Ototoxicity assessment of a gentamicin sulfate otic preparation in dogs

George M. Strain From the Departments of Veterinary Physiology, Pharmacology, and Toxicology (Strain Tedford) and Veterinary Clinical Sciences (Merchant, Neer), School of Veterinary Medicine, Lousiana State University Baton Rouge, LA 70803.





Vestibulotoxic and ototoxic effects often are seen after long-term, high-dose systemic treatment with gentamicin, but toxic effects after topical use have not been reported in animals, to the authors’ knowledge. Vestibular and auditory effects of twice daily otic gentamicin treatment for 21 days were evaluated in 10 dogs with intact tympanic membranes and in the same 10 dogs after experimental bilateral myringotomy. Each dog served as its own control; 7 drops of gentamicin sulfate (3 mg/ml in a buffered aqueous vehicle) were placed in 1 ear, and 7 drops of vehicle were placed in the opposite ear. Treatment and control ears were reversed after myringotomy. Vestibular function was evaluated daily by neurologic examination and behavioral assessment. Auditory function was evaluated twice weekly by determination of brain stem auditory evoked potentials. Gentamicin sulfate placed in the ear of clinically normal dogs with intact or ruptured tympanic membranes, in the quantities used in this study, did not induce detectable alteration of cochlear or vestibular function. Serum gentamicin concentration after 21 days of treatment was detectable in only 2 dogs and was an order of magnitude below documented toxic concentrations.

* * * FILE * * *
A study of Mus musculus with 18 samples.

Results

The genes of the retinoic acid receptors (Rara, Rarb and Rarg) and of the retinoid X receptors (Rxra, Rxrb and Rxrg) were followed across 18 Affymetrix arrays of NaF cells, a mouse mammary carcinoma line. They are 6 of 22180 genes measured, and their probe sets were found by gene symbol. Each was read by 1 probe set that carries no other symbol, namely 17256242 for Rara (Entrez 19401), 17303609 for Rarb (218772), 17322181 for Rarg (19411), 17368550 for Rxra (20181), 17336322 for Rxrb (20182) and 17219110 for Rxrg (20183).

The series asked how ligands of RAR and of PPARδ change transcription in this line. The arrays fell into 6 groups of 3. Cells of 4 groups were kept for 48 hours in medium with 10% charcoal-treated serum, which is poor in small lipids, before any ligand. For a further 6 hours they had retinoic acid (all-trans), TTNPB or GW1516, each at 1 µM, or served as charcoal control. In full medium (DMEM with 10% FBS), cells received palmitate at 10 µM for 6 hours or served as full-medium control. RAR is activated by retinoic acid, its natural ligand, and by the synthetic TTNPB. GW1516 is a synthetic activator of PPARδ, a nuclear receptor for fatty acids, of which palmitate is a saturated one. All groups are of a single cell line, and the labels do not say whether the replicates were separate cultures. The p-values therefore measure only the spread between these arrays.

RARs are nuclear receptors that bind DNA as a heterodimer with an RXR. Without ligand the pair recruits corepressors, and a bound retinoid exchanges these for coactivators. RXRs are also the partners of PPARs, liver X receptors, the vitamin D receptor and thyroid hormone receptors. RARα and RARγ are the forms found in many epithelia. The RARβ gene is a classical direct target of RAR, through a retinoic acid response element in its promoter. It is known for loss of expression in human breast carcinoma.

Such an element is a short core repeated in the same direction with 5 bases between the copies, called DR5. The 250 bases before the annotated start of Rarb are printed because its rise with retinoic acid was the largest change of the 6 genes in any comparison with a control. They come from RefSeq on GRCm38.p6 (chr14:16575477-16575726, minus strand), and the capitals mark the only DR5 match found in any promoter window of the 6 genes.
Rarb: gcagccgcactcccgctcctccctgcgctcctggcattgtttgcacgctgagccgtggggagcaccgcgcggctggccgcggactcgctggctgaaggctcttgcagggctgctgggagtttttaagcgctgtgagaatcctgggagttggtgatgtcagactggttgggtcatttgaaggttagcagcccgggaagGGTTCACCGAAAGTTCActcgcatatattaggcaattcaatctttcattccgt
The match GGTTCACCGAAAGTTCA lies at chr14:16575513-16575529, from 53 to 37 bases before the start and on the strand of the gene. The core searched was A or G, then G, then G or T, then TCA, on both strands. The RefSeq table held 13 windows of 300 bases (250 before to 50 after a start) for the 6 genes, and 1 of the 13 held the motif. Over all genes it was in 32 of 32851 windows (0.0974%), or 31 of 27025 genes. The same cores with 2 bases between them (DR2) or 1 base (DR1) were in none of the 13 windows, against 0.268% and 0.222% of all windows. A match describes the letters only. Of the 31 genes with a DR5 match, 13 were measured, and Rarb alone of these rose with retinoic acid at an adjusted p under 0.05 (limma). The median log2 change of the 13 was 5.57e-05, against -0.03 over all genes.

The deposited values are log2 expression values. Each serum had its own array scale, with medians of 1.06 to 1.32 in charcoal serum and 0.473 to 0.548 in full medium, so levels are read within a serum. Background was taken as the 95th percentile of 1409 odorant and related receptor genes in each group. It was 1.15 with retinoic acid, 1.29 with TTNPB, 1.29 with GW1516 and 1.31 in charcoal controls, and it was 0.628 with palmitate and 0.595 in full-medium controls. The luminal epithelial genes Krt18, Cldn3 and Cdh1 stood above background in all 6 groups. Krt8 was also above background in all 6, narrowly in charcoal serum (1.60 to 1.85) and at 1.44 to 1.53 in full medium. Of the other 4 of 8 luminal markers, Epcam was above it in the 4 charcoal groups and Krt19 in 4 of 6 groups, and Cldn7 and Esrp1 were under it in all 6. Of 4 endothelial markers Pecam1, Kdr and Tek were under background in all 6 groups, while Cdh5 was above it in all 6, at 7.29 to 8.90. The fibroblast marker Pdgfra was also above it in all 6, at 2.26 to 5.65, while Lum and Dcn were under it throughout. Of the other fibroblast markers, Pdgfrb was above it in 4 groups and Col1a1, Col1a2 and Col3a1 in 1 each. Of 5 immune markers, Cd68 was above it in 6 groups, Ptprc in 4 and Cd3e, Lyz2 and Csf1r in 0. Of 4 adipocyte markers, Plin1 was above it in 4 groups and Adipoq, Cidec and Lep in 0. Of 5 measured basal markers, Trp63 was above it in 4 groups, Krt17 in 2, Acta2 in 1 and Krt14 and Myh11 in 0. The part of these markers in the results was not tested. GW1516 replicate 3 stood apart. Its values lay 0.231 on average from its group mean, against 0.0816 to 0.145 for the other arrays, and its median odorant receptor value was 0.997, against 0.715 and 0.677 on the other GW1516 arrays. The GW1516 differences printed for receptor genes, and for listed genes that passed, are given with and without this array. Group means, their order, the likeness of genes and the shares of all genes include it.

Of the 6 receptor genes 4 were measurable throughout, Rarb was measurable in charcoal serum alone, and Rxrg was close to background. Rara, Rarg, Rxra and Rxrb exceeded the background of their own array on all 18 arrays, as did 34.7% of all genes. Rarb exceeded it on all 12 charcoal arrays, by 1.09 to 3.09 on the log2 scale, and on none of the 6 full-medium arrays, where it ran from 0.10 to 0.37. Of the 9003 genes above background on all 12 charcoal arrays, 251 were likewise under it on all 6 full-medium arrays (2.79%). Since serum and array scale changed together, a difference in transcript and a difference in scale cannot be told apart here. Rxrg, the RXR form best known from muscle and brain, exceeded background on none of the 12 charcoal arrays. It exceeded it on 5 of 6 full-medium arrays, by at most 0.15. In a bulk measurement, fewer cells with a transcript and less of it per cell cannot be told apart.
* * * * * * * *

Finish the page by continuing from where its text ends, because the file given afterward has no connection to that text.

Abstract

Vestibulotoxic and ototoxic effects often are seen after long-term, high-dose systemic treatment with gentamicin, but toxic effects after topical use have not been reported in animals, to the authors’ knowledge. Vestibular and auditory effects of twice daily otic gentamicin treatment for 21 days were evaluated in 10 dogs with intact tympanic membranes and in the same 10 dogs after experimental bilateral myringotomy. Each dog served as its own control; 7 drops of gentamicin sulfate (3 mg/ml in a buffered aqueous vehicle) were placed in 1 ear, and 7 drops of vehicle were placed in the opposite ear. Treatment and control ears were reversed after myringotomy. Vestibular function was evaluated daily by neurologic examination and behavioral assessment. Auditory function was evaluated twice weekly by determination of brain stem auditory evoked potentials. Gentamicin sulfate placed in the ear of clinically normal dogs with intact or ruptured tympanic membranes, in the quantities used in this study, did not induce detectable alteration of cochlear or vestibular function. Serum gentamicin concentration after 21 days of treatment was detectable in only 2 dogs and was an order of magnitude below documented toxic concentrations.